Creator of night sky vistas and daytime dreams for peace, grant us the vision to see our now and our next, knowing there is none other but you and no other to whom we would entrust our future. Amen.
What is the ultimate source of our strength? All the authors for this week come to the same conclusion: True strength comes from the Lord. Isaiah asks his audience: Who is like God? God never grows weary and provides unfailing strength to those who wait for God. The psalmist praises God as the one who lifts up those who are beaten down. It is not those with human strength who are truly mighty but those empowered by God. In Corinthians, Paul states that he has laid down any form of his own strength so that the gospel may advance. Jesus heals many in Mark as a demonstration of his power over the physical world. Thus, God’s power is not just a metaphor but a reality.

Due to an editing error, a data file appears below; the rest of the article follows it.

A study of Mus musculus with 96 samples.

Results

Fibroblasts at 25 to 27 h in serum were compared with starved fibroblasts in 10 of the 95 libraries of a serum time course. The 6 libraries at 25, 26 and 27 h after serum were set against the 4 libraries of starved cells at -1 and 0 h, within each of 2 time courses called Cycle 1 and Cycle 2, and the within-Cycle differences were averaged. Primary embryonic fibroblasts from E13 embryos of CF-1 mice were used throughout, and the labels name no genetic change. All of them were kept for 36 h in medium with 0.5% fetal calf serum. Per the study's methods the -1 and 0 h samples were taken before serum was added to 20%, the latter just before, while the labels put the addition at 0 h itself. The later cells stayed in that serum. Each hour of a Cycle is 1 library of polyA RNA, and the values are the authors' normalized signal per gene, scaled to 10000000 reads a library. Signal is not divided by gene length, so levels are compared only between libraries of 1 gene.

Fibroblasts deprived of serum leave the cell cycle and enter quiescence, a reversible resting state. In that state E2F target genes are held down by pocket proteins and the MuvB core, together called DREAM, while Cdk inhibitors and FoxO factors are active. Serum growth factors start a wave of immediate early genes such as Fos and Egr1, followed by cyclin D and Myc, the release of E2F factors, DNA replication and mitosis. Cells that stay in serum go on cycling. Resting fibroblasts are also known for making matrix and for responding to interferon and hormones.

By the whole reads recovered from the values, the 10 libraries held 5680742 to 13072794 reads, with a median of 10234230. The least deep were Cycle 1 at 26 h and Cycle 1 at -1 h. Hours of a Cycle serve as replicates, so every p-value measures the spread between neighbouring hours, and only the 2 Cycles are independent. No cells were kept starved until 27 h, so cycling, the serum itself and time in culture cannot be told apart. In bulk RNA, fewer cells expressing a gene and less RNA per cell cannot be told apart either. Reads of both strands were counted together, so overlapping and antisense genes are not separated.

• Read Isaiah 40:21-31. When has your focus on past events or ones yet to come caused an inability to perceive God’s work in the present?
• Read Psalm 147:1-11, 20c. What part of your life bears witness to humanity’s desire for winners and losers? How can you help others see God’s desire for wholeness?
• Read 1 Corinthians 9:16-23. What behaviors are you willing to take on or give up “for the sake of the gospel”?
• Read Mark 1:29-39. What intrigues you about the pattern of concealment and revelation in Jesus’ life that Mark’s Gospel portrays?
Respond by posting a prayer.
"Wherever I’m appointed to serve as pastor I plan on encouraging our youth to participate in a Discovery Weekend. Knowing that The Upper Room is a part of building the content, I can trust it as a Wesleyan spiritual formation resource for youth." Learn more about Discovery Weekend here.